Turf Warfare Destroys Government Efficiency
Turf warfare is one of the most destructive and debilitating activities in any enterprise, and government is no exception. The consequences of this behavior can be dire and harm the national interest. When government ministerial portfolios and departments are allocated and responsibilities distributed, posturing, elbowing, and chest-puffing often occur as players try to increase their sphere of influence. This can lead to ministers claiming “victory” and others feeling like “losers.”
The recent transfer of certain areas of responsibility from the Home Affairs Department to the Attorney-General’s Department, such as the Australian Federal Police (AFP), has raised some questions. Previously, the AFP had been in the same department as the Australian Security Intelligence Office (ASIO), but now they are separated. This can lead to counter-productive turf warfare, as each agency advocates for separate funding in different portfolios. This can create creative tensions or outright hostility, which is not conducive to cohesive mission-focused law enforcement.
The change was seen as a win for the new Attorney-General Mark Dreyfus, who also doubles as cabinet secretary, while the Home Affairs Minister Claire O’Neil was left with the consolation prize of the National Recovery and Resilience Agency, which includes climate change issues. During his previous term as attorney-general, Dreyfus did not have any security legislation passed by the Parliament.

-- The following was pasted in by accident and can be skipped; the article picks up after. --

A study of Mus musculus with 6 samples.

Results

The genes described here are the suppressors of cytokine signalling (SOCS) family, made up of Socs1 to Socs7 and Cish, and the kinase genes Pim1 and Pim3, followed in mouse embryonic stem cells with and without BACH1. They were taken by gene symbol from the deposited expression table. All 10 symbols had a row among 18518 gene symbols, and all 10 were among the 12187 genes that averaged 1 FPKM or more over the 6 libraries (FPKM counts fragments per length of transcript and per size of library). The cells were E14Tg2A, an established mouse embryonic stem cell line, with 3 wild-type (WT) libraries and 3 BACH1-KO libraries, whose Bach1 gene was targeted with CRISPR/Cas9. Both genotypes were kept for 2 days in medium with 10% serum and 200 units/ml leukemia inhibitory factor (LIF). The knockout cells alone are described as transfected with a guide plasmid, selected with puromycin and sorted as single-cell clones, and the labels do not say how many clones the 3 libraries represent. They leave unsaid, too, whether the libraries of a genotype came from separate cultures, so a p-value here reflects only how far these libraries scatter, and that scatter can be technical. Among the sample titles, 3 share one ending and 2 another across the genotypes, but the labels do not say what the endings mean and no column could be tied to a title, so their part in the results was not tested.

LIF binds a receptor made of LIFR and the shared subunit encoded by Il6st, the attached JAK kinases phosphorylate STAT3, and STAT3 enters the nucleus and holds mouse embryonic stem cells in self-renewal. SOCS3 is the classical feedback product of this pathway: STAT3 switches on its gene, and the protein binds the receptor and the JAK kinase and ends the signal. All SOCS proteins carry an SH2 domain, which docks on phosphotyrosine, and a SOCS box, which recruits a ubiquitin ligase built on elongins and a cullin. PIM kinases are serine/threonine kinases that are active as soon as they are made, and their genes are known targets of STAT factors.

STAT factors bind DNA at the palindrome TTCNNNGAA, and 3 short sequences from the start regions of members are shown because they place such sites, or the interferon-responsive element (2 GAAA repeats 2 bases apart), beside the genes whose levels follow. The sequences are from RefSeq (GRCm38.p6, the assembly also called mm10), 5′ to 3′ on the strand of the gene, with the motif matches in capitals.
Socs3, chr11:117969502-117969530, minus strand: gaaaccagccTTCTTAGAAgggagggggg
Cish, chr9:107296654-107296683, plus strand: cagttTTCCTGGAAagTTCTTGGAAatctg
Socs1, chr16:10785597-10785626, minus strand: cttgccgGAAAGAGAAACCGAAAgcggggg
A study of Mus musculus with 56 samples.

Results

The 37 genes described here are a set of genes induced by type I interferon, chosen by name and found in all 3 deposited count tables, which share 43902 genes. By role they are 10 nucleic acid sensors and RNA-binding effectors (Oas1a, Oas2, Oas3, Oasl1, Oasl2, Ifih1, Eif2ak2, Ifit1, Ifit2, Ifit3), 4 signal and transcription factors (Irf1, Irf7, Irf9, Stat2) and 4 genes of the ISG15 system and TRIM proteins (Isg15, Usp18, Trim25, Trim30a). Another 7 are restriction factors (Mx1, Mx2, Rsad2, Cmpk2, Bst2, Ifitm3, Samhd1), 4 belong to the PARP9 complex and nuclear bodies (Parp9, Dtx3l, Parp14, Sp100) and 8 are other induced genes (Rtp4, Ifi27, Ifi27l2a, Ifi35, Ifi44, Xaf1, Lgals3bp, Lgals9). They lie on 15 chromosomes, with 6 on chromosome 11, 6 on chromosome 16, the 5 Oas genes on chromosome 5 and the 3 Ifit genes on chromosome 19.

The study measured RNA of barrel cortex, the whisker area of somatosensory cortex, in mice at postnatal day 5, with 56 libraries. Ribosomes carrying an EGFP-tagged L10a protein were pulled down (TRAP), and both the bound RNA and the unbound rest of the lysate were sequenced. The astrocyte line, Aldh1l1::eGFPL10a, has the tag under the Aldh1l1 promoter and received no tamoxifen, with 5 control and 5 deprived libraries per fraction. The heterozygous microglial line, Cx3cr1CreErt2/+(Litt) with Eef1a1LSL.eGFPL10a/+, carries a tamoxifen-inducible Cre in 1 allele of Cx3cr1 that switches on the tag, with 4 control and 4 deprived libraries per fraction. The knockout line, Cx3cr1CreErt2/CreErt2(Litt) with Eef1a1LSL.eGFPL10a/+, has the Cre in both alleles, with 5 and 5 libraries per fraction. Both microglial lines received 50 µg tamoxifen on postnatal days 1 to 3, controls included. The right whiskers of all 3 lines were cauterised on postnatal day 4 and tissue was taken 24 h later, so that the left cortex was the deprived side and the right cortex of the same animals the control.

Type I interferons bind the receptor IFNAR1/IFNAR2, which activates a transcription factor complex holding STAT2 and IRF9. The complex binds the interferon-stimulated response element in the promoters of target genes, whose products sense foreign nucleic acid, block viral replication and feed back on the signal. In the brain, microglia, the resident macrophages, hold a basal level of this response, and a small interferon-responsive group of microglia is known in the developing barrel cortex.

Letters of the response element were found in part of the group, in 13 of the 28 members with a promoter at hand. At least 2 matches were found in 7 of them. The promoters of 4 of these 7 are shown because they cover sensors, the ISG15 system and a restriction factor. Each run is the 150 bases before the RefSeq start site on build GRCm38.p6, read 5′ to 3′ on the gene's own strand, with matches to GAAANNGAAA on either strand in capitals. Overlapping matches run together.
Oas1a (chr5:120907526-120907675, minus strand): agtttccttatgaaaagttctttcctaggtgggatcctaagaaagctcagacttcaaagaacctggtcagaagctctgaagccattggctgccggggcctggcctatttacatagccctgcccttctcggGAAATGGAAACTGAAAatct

Former Home Affairs Minister Peter Dutton said, “I just worry going back into this siloed arrangement, that Anthony Albanese might be making Mark Dreyfus happy, but it is going to make us less safe as a country.”
When the Home Affairs portfolio was established in 2017, it brought together Australia’s immigration, border protection, law enforcement, and domestic security agencies. This was modeled after similar arrangements in the United States and United Kingdom. However, Australia’s Home Affairs portfolio differed in that oversight agencies were allocated to the Attorney-General’s portfolio. Keeping the operational bodies under one roof is beneficial in terms of morale, cost, and job opportunities.
Only time will tell if the portfolio arrangements are appropriate and if they lead to optimal results. If not, maintaining the current allocations could leave the country’s national security hamstrung.
Views expressed in this article are the opinions of the author and do not necessarily reflect the views of The Epoch Times.